Condoleezza Rice had the following exchange on September 15 with the New York Post Editorial Board:
QUESTION: At what point [does] the Administration insist that [Abbas] abide by the requirements to the roadmap, which is not temporary truce agreements but disarming and dismantling terrorist groups?
SECRETARY RICE: Well, we are insisting on it every time we talk to him. But you want him to be successful when he does it. You don’t want him to go to dismantle Hamas and fail. And so we’re trying to increase his capability on the security forces side to create better political conditions on the ground. But there’s no doubt that they’re going to have to dismantle these terrorist organizations. . . .
QUESTION: He has said, I mean, kind of recently, but at some point he has said he did not favor the idea of removing arms by force, you know, arms that are controlled joined by other Palestinians.
SECRETARY RICE: Well, he has said that he believes that they can build a national consensus that there should be one authority and one gun. What he’s not said publicly is what he will do if that fails. But again, I don’t think this is -- I do not think that he is confused about what it would mean for the long-term viability of the Palestinian Authority if Hamas has both political option and a violence option. He can’t live with that either.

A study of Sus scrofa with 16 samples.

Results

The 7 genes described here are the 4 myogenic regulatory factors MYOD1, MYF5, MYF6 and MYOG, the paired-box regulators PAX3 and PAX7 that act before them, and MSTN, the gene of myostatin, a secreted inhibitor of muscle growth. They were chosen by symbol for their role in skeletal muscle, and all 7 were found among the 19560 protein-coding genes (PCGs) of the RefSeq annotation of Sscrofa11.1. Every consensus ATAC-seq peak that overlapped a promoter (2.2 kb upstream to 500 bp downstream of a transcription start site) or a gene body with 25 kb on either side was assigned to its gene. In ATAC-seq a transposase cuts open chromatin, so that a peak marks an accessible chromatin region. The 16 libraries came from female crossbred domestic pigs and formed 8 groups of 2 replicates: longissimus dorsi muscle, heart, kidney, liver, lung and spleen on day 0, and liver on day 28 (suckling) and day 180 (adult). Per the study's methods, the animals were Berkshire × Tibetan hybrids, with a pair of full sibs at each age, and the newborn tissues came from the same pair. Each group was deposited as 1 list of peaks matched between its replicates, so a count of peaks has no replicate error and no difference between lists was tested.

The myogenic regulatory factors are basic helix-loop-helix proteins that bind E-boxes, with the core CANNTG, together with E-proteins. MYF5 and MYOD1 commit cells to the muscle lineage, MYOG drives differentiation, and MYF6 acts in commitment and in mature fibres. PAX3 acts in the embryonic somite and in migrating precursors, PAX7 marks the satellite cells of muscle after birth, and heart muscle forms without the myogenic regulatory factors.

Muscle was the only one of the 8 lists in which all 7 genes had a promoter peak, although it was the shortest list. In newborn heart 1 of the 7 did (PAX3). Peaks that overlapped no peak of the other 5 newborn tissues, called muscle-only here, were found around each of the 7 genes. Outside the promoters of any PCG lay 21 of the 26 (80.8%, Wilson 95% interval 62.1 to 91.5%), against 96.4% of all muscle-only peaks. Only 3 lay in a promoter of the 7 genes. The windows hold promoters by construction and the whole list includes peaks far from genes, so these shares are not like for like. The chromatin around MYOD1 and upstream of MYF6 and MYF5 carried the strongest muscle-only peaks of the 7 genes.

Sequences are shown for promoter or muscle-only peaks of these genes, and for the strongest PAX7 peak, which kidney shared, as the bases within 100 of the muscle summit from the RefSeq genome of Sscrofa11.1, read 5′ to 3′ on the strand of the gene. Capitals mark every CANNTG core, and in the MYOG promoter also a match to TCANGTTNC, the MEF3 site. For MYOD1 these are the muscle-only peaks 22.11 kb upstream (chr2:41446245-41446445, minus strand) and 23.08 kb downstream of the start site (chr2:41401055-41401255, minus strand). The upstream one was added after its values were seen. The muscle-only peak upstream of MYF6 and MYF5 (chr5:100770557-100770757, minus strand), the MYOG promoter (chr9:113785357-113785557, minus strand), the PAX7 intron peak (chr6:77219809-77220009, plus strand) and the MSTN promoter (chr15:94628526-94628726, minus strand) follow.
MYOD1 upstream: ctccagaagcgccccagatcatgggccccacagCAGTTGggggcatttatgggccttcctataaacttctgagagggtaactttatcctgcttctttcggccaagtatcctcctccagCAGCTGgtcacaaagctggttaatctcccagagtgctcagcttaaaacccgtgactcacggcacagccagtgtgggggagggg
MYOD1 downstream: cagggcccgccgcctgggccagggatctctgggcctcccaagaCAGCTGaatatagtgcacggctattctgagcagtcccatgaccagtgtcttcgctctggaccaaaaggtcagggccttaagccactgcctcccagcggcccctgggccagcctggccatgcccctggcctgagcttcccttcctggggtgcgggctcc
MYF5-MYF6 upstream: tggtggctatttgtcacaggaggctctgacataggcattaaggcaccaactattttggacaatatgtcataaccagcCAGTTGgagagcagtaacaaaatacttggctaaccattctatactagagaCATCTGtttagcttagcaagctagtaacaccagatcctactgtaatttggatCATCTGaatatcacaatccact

UPDATE, in response to Yael’s perceptive comment below: There already is “one gun and one authority” in Hamastan, held by the group after whom the country is named, as today’s march demonstrates.
Thousands of Hamas militants paraded with weapons through the streets of Gaza City on Sunday in the group's largest show of force in years, defying Palestinian efforts to ban public arms displays. . . .
Hamas leaders vowed to continue fighting Israel as tens of thousands cheered and waved the group's green flags and masked gunmen hoisted assault rifles, rockets and anti-tank missiles.
The demonstration, which Hamas called its largest armed protest since its founding in the late 1980s, openly defied Palestinian President Mahmoud Abbas who vowed in a speech last Tuesday he would not tolerate the "chaos of weapons".
Abbas’srole is not to disarm them (he might look down at his papers, though). His role is to receive land, money, prisoners, greenhouses, and other concessions from a credulous world. Weakness is his strength, and also his strategy -- something he adopted a long time ago. Yael’s post today shows what’s coming next.